Growing Yuccas

Add a little drama to your landscape with these hardy succulents.

Yucca, especially this variegated variety, 'Color Guard, make great focal points.

Yucca, especially this variegated variety, 'Color Guard, make great focal points.

Yucca, especially this variegated variety, 'Color Guard, make great focal points.

How can such a beautiful plant have such an ugly name? Yuccas – those architectural shrubs with strappy sword-like leaves—have never been more popular in the landscape, thanks in part to America’s love affair with succulents in general.

And with good reason. This diverse family of perennial shrubs and trees, known as Asparagaceae, is native to dry, hot climates in North, South and Central America. Yet many yuccas are extremely hardy, found from the Gulf Coast to Canada – withstanding climates as low as 10 degrees F. They also adapt easily to a variety of soil types so long as the soil is well drained. And while best known for their ornamental qualities, several species of yuccas bear edible parts, including flowers, stems, seeds and roots.

With their pointed leaves, which emerge from rosettes, these evergreens add a distinctive feature to any landscape. Just make sure you don’t plant one too close to pathways and high-traffic areas, where encounters with their needle-like leaf tips can be painful. In mid- to late summer, many species produce creamy-white flowers with a soap-like fragrance if given plenty of full sun, which the plants prefer.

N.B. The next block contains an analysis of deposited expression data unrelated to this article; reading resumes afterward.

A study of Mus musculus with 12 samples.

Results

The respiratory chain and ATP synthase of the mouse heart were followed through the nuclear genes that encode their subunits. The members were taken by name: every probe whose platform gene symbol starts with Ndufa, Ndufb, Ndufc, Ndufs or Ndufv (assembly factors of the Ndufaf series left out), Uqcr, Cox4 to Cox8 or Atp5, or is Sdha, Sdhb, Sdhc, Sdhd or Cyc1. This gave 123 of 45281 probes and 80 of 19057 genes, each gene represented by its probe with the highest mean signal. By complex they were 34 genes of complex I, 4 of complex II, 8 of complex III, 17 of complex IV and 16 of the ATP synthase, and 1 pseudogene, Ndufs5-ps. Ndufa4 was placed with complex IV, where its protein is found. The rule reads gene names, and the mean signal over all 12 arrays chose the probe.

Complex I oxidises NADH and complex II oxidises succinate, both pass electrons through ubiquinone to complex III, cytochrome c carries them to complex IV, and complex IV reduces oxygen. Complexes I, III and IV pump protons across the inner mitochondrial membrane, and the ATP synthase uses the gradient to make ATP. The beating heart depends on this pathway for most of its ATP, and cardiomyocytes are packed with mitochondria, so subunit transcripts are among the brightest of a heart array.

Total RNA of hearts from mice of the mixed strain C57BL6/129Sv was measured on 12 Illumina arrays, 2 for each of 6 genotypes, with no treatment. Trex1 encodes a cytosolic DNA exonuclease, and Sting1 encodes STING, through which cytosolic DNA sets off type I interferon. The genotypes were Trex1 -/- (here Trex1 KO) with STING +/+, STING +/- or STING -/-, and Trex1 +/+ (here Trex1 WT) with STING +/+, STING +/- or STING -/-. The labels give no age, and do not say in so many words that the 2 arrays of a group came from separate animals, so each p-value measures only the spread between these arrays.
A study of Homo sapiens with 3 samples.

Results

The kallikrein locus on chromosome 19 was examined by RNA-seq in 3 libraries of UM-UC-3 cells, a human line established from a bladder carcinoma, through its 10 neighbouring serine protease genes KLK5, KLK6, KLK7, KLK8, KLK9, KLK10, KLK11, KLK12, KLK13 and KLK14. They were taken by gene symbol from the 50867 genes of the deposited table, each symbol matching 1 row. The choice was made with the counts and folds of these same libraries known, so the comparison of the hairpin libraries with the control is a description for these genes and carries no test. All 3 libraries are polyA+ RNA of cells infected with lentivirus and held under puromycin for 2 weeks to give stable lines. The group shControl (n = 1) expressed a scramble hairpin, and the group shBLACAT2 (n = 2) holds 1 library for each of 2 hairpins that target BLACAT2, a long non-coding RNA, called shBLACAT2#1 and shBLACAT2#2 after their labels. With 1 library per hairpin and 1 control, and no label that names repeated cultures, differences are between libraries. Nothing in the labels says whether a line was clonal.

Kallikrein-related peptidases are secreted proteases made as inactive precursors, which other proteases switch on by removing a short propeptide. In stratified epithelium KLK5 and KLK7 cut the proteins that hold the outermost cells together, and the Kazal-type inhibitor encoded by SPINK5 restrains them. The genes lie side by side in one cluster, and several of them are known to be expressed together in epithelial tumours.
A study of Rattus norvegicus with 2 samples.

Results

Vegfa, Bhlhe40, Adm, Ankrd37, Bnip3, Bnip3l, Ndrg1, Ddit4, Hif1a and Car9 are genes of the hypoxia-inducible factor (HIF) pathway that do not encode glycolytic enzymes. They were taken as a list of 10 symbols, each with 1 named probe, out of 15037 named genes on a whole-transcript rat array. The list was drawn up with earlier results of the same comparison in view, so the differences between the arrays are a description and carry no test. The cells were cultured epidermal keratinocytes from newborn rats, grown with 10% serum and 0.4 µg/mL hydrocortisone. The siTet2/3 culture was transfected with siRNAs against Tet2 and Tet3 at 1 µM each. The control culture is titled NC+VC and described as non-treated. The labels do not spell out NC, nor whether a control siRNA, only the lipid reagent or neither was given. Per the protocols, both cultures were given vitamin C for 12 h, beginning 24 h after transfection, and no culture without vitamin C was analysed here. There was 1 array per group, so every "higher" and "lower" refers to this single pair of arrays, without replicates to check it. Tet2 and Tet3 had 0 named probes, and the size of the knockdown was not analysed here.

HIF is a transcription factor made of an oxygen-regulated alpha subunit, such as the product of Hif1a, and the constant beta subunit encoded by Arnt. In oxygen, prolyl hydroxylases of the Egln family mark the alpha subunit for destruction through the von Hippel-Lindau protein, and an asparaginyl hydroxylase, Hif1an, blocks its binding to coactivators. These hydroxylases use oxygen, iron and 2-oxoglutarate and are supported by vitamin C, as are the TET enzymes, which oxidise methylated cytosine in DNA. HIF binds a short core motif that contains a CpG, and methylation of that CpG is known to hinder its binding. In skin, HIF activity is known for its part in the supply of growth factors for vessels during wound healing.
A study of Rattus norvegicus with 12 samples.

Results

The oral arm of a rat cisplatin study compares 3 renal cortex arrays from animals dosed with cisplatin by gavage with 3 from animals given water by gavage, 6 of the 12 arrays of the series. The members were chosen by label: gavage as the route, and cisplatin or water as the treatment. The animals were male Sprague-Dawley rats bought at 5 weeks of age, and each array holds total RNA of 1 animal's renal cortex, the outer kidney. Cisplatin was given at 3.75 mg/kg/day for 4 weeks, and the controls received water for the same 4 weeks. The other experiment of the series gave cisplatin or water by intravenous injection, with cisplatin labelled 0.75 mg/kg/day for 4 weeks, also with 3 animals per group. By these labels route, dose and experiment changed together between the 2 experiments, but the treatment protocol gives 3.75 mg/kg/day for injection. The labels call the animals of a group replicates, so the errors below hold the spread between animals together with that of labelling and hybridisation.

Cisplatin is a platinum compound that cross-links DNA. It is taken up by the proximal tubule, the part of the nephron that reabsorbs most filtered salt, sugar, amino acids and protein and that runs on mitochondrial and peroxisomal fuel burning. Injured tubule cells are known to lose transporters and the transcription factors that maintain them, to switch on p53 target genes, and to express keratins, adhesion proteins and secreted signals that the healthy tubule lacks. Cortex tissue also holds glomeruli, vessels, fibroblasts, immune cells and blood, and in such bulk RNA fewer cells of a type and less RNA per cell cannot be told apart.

Like most succulents, yuccas are extremely low maintenance and grow well in pots. 

When planting, mix equal parts gravel or sand with soil. In spring, prune away older leaves as they die, which encourages new growth. 

Also cut back stems after the plant has flowered. And don’t forget to wear gloves when you handle this plant!

Here are a few yuccas to consider:

  • Yucca filamentosa  ‘Color Guard’:  Extremely popular because of its bold green and yellow variegated leaves. Compact at 2 feet tall by 2 feet wide.
  • Yucca baccata: Grows up to 5 feet with shorter, almost blue leaves and purple and off-white flowers in spring. Also known as the Banana Yucca because of the shape of its fruits, which are edible.
  • Yucca canerosana (Y. faxoniana):  Can grow up to 12 feet by six feet wide and tolerates part shade. In spring, it produces white flowers that later turn pink.
  • Yucca glauca: Gray-green leaves, prefers hot, dry climate of the Southwest, Produces greenish-white highly fragrant flowers.
  • Yucca rostrata: Commonly known as Blue Beaked yucca, it has blue foliage and is one of the most cold hardy yuccas, found as far north as New York.
  • Yucca schidigera:  Also known as Spanish Dagger because of its extremely sharp yellow-green leaves, this tree-like variety produces white flowers accented with purple.